The Chilcotin will never be the same. Longtime pioneer rancher Allan Bittner passed away March 17, 2015.
Allan was predeceased by his wife Bubby just seven months ago and leaves to mourn his five children Grant Bittner (Dee), Barb Lambe (Mike) Rex Bittner (Gail), Sandy Willson (Eddy), and Duncan Bittner (Meghan), also many grandchildren and great grandchildren.
Tough, honest, proud and full of compassion are some of the words to describe Allan. He was sincere and hard working.
There was nobody that could out work him.
Born Sept. 10, 1927, Allan came from the prairies when he was 10 years old and moved to West Branch not far from Tatla Lake.
He moved out in the hungry 30s and knew what hard living was all about.
He bought his first property in the West Branch area on Bluff Lake, and started into the cattle ranching industry.
He loved cattle ranching — it was in his blood, which he was very good at, and very successful.
He was well respected in the industry and always raised nice looking cattle.
Allan had to be knowledgeable in all trades of the ranching industry.
He was mechanic, electrician, plumber, carpenter and many other trades that you had to do while living in the Chilcotin.
You either had to learn or go without.
Most of all he knew cattle — and it showed when it came to the sale ring.
He was also part of the cattle drives from the Chilcotin to Williams Lake many years ago.
A part of history that hopefully will never go forgotten.
Allan married Bubby in 1950 and together they raised their five children.
Allan’s family always came first.
His kids say that there was never another dad in this world as good as their dad.
Allan was an avid hunter and taught his boys to follow in his footsteps.
He raised his family on venison.
Allan had a love for the outdoors and all animals.
He was an excellent horseback rider and even dabbled in roping and cattle penning, but mostly he rode to work the ranch.
He always had a good working horse that he trained himself.
There was nothing he could not do. No task too big or small that he wouldn’t tackle.
Each fall the call of the mountains would beckon him and he would organize a trip by horseback and packhorse, with whichever members of his family that were available and off he would go.
He was so happy in the mountains —hunting and just being above timberline would bring happiness to Allan.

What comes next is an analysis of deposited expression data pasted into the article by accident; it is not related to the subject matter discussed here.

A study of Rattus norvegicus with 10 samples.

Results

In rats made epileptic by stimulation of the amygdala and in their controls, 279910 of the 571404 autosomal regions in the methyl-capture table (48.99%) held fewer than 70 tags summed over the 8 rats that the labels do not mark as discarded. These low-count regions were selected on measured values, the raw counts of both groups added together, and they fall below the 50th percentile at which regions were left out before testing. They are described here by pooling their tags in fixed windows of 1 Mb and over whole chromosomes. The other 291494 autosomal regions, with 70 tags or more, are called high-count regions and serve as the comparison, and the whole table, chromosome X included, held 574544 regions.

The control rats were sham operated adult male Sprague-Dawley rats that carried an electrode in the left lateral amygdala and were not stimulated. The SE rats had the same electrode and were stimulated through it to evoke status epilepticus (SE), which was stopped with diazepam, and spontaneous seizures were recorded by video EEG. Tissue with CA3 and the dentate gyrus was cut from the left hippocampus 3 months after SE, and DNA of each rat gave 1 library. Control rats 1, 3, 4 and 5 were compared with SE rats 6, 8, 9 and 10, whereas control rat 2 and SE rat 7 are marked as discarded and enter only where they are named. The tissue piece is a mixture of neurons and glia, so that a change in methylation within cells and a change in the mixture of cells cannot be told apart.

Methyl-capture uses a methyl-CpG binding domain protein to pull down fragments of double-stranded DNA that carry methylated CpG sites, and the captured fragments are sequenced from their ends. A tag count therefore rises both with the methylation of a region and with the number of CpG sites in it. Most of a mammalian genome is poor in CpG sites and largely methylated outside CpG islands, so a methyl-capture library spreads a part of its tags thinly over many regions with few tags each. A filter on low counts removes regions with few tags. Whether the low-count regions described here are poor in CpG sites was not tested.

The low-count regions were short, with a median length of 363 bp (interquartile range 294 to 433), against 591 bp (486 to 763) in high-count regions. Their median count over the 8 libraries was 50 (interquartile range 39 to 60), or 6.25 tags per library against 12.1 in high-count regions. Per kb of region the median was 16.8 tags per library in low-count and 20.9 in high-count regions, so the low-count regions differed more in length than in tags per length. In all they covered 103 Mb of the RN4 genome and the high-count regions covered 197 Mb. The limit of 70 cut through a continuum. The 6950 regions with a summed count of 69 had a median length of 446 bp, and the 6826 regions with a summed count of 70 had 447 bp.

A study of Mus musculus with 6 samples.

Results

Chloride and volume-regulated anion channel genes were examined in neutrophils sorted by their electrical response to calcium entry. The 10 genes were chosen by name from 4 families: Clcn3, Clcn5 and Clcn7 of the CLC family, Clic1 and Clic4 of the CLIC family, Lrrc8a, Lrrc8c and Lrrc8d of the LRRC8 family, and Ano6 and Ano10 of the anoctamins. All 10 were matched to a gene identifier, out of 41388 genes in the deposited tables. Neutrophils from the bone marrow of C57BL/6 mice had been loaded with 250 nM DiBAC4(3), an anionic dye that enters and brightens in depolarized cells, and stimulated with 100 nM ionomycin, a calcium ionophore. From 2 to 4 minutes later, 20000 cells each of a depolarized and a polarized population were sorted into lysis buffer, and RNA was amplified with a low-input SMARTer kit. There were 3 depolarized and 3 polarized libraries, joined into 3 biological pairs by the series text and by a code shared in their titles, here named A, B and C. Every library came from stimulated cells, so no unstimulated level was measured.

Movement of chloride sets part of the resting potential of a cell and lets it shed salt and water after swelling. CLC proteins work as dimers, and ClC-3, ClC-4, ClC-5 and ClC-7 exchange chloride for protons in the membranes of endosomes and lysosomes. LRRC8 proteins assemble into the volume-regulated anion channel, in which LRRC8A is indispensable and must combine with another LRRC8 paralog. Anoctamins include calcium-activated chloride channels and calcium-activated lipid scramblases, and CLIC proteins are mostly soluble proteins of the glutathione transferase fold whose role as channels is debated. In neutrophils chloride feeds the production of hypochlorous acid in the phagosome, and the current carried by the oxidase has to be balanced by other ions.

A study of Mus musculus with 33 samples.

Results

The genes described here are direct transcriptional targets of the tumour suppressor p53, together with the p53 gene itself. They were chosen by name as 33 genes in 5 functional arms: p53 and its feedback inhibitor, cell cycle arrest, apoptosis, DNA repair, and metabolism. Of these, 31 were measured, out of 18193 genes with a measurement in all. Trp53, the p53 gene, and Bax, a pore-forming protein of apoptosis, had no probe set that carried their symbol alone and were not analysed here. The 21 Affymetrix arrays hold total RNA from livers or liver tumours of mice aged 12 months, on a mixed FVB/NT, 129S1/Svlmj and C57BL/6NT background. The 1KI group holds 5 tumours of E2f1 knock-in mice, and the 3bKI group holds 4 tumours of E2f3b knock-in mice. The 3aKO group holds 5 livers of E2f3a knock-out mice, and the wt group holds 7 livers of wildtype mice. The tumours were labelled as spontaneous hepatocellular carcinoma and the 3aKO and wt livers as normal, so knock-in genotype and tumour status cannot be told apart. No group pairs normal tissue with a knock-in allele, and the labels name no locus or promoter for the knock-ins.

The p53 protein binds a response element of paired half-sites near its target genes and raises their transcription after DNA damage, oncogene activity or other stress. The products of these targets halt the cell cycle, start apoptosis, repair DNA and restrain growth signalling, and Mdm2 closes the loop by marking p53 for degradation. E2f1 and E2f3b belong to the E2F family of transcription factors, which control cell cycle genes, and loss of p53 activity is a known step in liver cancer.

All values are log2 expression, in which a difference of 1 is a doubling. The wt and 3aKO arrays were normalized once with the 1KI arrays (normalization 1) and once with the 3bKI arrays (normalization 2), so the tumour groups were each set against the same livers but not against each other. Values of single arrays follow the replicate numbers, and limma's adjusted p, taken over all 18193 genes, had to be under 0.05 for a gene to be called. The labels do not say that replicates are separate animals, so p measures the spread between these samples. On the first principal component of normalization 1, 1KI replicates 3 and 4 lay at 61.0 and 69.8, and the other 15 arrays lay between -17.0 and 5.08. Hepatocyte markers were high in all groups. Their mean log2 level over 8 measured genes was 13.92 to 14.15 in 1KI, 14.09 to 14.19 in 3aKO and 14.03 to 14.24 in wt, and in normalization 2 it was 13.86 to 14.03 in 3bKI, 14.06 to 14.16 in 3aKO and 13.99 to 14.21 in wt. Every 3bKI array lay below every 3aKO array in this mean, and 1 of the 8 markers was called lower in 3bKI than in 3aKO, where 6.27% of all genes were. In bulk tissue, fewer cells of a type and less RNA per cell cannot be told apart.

After his success in ranching the West Branch area he decided to go bigger and made a move with his family to Kleena Kleene.
His ranch was beautiful and he made many improvements to make it successful. Along with his own ranch he managed the Dane Ranch, one of the biggest ranches in the Chilcotin.
A very successful operation.
The Dane Ranch eventually sold and Allan along with, Bubby, settled in to ranching their own place until Allan was diagnosed with MS.
He knew they had to sell and moved to Barriere where they spent 10 wonderful years in retirement.
They made many new friends.
As Allan’s health deteriorated they decided to move to Bella Coola to their daughter Sandy’s place.
It wasn’t long before Allan had to move into the hospital into long-term care as he was so crippled with the disease.
Unfortunately the last 10 years of his life were not great.
He had no quality of life left but his wife Bubby never left his side.
She spent every day doing the half-hour journey to feed him lunch and visit with him.
It was a test of endurance for them both which they handled well.
Allan had many friends and respect from a lot of people.
He had a very strong personality and people knew not to mess with him.
If Allan gave you his word or a handshake it was as good as a done deal.
The family would like to thank the staff at the Bella Coola Hospital for his exceptional care and kindness that he received while there.
He will be hugely missed by all who knew him and by his loving family.
May he now rest in peace.
We will always love you dad, you will never be forgotten.
There will be no service at his request.